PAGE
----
Cooling relief from the Fed's Aussie burn

The Federal Reserve's hint that it is starting to think about ending its quantitative easing program is a welcome development that could soon spell relief for the soaring Australian dollar.

In the immediate wake of the release of the December minutes of the US Federal Reserve Board’s Open Market Committee overnight the US dollar edged up and the Australian dollar edged down. While still distant, relief from the inexorable pressure the Fed’s policies have imposed on the Australian economy might be just over the horizon.

The Fed’s policies of quantitative easing – money printing – and near zero official interest rates have, by lowering the value of the US dollar, created immense pressures for the trade exposed sectors for the economy.

They have ravaged large segments of the manufacturing sector and played a major role in the blowouts in the cost of resources sector projects when expressed in the currency that matters to miners, the US dollar.

While the Fed’s policies are focused on trying to stimulate growth in an anaemic post-crisis US economy, it has effectively mounted an assault by the world’s reserve currency on the competitiveness of stronger economies.

It has also created incentives for a global search for yield and returns by US investors that has been distorting the normal risk-return appraisals and which has the potential for a host of unintended consequences, most obviously asset price bubbles.

Indeed, there has been considerable discussion about the impact on bonds markets – and the potential for something quite unpleasant – if and when the Fed does try to end the QE program that has expanded its own balance sheet by $US1.5 trillion and which, if its continues through 2013, will add another $US1 trillion or so.

Australia’s status as one of the strongest post-crisis economies and as a relatively safe way to get an indirect exposure to China and the growth economies in Asia because of the size of the resources sector has seen massive inflows of capital that has pushed the dollar to historically high levels. The Reserve Bank doesn’t have the resources or the inclination to intervene significantly.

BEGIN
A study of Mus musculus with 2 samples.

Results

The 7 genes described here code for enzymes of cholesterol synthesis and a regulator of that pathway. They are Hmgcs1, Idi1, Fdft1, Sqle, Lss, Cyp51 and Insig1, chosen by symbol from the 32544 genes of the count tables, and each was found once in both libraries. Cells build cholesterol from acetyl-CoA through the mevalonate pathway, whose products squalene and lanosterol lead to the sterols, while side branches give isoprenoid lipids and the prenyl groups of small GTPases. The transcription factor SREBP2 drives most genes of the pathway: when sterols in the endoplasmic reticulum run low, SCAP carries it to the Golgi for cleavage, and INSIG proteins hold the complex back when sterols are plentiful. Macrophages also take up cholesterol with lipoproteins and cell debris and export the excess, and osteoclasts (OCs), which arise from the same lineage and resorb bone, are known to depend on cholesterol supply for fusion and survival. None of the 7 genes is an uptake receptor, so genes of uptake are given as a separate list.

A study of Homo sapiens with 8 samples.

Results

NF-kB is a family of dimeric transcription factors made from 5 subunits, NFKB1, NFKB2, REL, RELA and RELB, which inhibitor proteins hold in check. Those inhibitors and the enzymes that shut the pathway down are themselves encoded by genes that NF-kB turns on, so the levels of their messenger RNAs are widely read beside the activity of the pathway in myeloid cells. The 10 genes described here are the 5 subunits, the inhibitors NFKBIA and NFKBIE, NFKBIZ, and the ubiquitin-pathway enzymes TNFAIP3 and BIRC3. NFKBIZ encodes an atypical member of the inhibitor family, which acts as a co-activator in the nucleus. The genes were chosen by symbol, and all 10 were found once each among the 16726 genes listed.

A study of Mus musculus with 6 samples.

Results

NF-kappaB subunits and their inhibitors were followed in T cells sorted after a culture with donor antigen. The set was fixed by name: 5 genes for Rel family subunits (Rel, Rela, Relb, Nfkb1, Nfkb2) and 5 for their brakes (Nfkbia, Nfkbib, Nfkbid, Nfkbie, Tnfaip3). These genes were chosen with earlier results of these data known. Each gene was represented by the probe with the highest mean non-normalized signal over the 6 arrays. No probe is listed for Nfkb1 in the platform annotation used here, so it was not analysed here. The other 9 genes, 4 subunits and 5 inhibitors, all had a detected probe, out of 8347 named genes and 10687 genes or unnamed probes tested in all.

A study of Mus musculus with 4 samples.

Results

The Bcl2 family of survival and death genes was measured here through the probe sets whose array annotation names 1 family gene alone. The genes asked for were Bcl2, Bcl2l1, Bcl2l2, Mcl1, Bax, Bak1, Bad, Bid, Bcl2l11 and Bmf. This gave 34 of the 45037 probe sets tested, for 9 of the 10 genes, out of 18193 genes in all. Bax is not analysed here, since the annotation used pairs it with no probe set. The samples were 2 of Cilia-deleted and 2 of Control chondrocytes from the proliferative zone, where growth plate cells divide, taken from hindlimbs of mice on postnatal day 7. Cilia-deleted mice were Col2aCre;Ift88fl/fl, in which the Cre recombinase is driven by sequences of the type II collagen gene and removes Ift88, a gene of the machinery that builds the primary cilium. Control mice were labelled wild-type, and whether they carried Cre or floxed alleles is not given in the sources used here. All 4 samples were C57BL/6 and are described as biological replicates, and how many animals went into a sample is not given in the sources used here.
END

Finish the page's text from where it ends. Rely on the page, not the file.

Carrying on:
That’s why even a hint that the Fed is starting to think about ending the program is a significant development and, from our perspective, a welcome one.

The minutes, while reconfirming the Fed’s commitment to the program, revealed some differences of opinion within the Open Market Committee about continuing with QE3 and the $US85 billion a month of mortgage and Treasury bond purchases it entails.

Some of the committee members are keen for the program to continue through 2013 but "several" want to slow or halt the purchases well before year-end and one member wanted the Fed to simply end the buying.

All the members, according to the minutes, are uncertain about the benefits and costs/risks of ongoing purchases and several are concerned about the size of the Fed’s balance sheet and its implications for financial stability.

Maintaining the program risks creating asset bubbles or swelling existing bubbles – the bond bubble, for instance – to the point where the eventual end to the program could destabilise the US, and perhaps global, financial system.

The Fed’s slightly more questioning stance on its QE program comes as there are some encourage, albeit modest, signs of life in the US economy.

The Fed has made it clear that US monetary policy will remain accommodating until there is a significant fall in unemployment. It has said it will maintain low rates until the unemployment rate, now just under 8 per cent, falls below 6.5 per cent – unless the inflation rate starts to rise which, given the extent of the money printing, one assumes it eventually will.

Ending the QE program later this year wouldn’t mean a change in the low US rate policies nor that the Fed would start selling the bonds it has accumulated on its balance sheet, simply that it would stop buying new securities. When that eventually starts happening we’ll be in unchartered territory.

For the moment, nothing much changes but the FOMC minutes do suggest that a measure of relief for currency-stressed economies might be, while not quite in sight, at least increasingly on the Fed’s agenda.